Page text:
Tell-'tail' sign that our beagle's found a friend

This dog knows no strangers.

Tom Uhlman/AP
Arf: A beagle puppy played outside as snow fell in Cincinnati in March.

"Very sweet," they'd written on the notecard when Gracie was admitted to the humane society's shelter. I looked down at the beagle-mix dog sitting serenely at my feet and wondered if she was too small to place with our larger dogs at home.

But something about the warm look in her eyes and the optimistic tilt of her head made me think she was the one.

Within an hour of her arrival at our house, Gracie had established a cheerful dominance over the other dogs and claimed the best napping spots.

The next morning she trotted down the steps with an enthusiasm that seemed to say, "I wonder what good thing is going to happen to me today!" I soon learned that, for Gracie, the best thing that could happen was the opportunity to make a friend.

At her first checkup, Gracie sat quivering through the poking and prodding. When the vet gently took her face in his hands to examine her eyes, Gracie stopped shaking, leaned forward, and looked deeply into his.

A second later Gracie's tail whap-whap-whapped on the metal examining table. She had discovered a friend.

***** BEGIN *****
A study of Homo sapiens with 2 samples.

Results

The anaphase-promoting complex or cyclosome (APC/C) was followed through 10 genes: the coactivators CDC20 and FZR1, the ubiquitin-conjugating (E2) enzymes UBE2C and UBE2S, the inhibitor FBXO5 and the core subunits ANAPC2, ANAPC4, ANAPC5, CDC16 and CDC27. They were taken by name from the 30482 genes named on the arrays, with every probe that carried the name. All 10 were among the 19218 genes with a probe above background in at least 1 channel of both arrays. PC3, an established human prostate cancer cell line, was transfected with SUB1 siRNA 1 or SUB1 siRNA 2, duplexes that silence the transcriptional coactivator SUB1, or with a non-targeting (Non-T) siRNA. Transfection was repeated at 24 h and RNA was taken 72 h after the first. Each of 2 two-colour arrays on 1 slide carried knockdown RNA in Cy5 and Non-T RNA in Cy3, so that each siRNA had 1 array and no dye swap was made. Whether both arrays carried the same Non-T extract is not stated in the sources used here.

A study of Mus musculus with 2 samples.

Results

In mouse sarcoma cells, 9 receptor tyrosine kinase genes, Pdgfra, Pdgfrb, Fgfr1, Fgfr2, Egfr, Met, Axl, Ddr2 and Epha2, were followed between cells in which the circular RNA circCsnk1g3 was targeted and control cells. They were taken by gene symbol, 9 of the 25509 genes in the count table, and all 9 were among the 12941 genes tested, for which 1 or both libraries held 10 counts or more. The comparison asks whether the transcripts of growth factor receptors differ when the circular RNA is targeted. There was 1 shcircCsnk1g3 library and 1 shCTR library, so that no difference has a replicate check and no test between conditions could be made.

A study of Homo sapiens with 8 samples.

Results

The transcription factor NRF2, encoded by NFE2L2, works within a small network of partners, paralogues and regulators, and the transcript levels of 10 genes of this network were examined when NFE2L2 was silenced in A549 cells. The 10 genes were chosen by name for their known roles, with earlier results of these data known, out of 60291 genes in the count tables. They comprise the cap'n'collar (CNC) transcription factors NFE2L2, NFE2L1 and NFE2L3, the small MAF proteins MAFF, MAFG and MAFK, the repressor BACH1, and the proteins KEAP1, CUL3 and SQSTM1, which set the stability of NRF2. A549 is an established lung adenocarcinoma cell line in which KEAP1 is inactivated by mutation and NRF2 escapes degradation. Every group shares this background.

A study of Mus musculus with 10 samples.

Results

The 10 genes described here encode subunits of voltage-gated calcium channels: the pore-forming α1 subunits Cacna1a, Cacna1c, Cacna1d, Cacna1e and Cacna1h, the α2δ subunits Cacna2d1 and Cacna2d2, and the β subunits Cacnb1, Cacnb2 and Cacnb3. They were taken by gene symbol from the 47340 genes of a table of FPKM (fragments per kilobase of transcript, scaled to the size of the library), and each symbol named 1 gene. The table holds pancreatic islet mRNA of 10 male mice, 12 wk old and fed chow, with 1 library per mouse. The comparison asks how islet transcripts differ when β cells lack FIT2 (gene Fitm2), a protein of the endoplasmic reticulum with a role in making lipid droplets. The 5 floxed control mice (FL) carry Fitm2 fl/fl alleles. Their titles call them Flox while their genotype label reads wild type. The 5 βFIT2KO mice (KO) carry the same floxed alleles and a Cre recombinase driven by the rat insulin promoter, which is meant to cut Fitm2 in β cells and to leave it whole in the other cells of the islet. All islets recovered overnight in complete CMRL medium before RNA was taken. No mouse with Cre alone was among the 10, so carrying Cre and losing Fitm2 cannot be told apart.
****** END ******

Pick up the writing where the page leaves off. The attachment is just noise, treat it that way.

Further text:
Each time we began our daily walk around the block, Gracie would stop at the end of the driveway to scan the horizon for potential buddies. I'd call out to mail carriers, neighbors, and pedestrians, "Could you wait a minute? Gracie wants to be your friend."

If someone at the end of the block didn't stop when I called, Gracie would pull me down the sidewalk, coughing and sputtering at the pressure of the leash, determined not the miss the pleasure of a stranger's company.

One day, Schottzie, the neighborhood guard dog, barked furiously as Gracie approached. Gracie lunged forward, dragging me along as she pulled straight into Schottzie's attack zone. I yanked Gracie away just in time. She glanced back affectionately at Schottzie, and I realized that she hadn't even seen the snarling dog – she'd only seen a friend.

When a winter storm had us trooping through drifts, a snowlady hiding behind an evergreen shrub startled Gracie. To allay her concern, I suggested we move in closer for a sniff.

Gracie stepped tentatively around the snowlady and then gazed up into the button eyes. Her body wiggled with delight and her tail whipped joyously through the frigid air. In that mound of aproned snow, Gracie had found – a friend!

I believe that I learn life lessons from each of my animals. From Gracie, I learn to find friends in mail carriers, snarling dogs, and snowladies. And I learn to look deeply enough into the eyes of the people I meet to realize that they are the best thing that can happen to me today.